Writing & Publishing

Let’s talk about the synopsis. Or not. (Please, God, no).

Let’s start with a brief history on the synopsis, shall we?

Once upon a time, Satan himself was sitting atop his throne of skulls and lava looking up at the nasty humans from above. He thought to himself, “What is next for me? What new torture can I device? I’ve already come up with the guillotine and juicing. What’s left?”

Then it came to him.

A dark and twisted thought. Satan giggled maliciously to himself. “Sarah!” he called, “Get Deborah from publishing on the line.” Kicking his cloaked legs up onto the side of his throne, he waited as Sarah patched him through.

“Hi Deborah. I’ve just devised the most horrendous plot to wreak havoc and insanity upon the world. Wait for it…” he said, holding back a giggle. “We shall make writers take a 300+ page novel and condense it in 1-2 pages without any dialogue or voice or adjectives, even! We will force them to divulge the secrets of their plots and reduce their characters to one-dimensional, completely boring entities! It will be a requirement for any poor soul wishing to find an agent or get published. Brilliant, right?”

The End.

And here we are today.

I’m convinced that this is a true story. I mean… What other explanation is there? The synopsis, my arch nemesis. How I hate the, thy vile beast.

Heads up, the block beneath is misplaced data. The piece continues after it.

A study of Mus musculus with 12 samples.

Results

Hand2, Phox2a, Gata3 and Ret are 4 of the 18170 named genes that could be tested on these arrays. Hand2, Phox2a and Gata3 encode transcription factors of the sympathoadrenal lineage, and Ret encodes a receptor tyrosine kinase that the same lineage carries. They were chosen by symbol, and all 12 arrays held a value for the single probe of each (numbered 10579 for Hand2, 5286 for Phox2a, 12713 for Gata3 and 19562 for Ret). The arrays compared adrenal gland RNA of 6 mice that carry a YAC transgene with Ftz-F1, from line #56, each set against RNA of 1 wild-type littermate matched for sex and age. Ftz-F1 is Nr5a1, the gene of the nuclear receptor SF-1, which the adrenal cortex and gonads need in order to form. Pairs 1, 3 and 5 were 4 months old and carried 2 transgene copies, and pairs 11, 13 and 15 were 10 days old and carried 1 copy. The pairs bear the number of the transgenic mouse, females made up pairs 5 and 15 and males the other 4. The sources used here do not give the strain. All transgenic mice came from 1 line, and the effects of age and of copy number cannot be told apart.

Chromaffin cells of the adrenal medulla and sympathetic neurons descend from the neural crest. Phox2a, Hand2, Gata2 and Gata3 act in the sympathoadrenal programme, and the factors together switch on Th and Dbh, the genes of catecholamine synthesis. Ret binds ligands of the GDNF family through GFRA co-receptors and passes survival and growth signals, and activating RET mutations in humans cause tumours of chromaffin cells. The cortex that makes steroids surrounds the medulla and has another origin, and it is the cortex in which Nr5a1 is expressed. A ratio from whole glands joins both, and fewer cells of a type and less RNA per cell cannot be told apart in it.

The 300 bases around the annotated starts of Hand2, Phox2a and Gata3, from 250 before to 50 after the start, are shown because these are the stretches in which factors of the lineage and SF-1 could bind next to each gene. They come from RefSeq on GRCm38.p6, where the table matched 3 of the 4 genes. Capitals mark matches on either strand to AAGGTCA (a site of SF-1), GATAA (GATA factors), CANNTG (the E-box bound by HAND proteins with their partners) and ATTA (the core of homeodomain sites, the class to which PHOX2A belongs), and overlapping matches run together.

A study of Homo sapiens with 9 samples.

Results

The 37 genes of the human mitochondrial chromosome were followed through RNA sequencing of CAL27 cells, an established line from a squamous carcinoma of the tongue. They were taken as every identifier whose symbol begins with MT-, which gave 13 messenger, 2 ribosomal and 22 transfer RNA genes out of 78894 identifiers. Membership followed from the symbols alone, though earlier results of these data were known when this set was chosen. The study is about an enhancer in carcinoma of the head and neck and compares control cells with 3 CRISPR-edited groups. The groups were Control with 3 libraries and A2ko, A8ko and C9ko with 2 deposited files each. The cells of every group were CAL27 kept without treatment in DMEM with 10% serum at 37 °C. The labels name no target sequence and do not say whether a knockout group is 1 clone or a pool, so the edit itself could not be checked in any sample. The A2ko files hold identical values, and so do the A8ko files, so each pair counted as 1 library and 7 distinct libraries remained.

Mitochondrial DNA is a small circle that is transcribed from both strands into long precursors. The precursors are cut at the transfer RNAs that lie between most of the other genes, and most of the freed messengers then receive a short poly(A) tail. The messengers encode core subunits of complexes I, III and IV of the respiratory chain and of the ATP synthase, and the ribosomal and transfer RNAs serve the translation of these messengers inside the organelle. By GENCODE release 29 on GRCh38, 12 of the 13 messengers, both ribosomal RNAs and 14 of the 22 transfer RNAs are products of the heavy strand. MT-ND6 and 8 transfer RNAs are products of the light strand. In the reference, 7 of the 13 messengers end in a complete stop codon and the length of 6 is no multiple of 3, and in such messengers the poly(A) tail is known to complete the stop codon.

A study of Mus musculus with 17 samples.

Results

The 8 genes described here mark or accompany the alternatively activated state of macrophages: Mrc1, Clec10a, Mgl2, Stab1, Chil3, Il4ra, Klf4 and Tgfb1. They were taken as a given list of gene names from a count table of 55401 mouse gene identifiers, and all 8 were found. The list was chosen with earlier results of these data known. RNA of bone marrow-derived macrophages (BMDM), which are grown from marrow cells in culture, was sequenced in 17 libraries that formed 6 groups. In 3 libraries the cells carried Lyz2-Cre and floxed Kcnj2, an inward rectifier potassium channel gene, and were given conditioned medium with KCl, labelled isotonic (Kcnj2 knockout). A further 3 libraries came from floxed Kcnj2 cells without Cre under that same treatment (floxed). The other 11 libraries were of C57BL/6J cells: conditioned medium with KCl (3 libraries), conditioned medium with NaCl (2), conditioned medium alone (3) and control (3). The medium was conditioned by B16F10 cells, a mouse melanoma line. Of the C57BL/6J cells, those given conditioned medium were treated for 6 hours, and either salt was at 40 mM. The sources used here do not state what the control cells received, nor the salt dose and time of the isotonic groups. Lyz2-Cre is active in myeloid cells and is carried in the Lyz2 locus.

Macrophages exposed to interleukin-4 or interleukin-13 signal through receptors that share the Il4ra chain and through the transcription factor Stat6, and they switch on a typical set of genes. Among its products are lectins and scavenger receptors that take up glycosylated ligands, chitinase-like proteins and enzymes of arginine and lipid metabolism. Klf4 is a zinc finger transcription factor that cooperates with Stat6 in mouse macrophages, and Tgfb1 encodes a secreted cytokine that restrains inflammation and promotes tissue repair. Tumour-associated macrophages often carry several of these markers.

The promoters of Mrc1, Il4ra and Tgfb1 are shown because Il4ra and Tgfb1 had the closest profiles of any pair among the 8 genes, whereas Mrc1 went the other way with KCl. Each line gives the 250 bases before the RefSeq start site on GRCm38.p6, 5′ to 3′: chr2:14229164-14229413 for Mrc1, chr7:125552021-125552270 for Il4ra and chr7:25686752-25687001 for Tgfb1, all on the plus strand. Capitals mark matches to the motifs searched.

Here you have this masterpiece, this beautiful creation. You have slaved and slaved. Your reward? You need to chop it up and mangle it into a horrendous price of work that RUINS the whole plot, murders your characters, and burns down your setting. Just you know, ’cause.

I’m at the point now that when I see “synopsis” in the submission guidelines for an agent, I think, Ah, well this is one is going in the reject pile.

Reading a synopsis is the peeing-with-the-door-open of a relationship. Mystery gone. Romance dead. Dreams crushed.

I don’t care how good of a writer you are. No one ever went to read a synopsis and thought, Oh goodie! What a great read this will be! No. The synopsis was created primarily as a torture device, and secondarily to weed out the weak. Can’t suffer through writing a synopsis? Well, then you certainly won’t be able to handling the horrific life of rejection and critique that awaits you as a professional writer.

So. I’m off to do one last read of my most recent manuscript and attempt to cultivate a non-cringe-worthy synopsis. Wish me luck.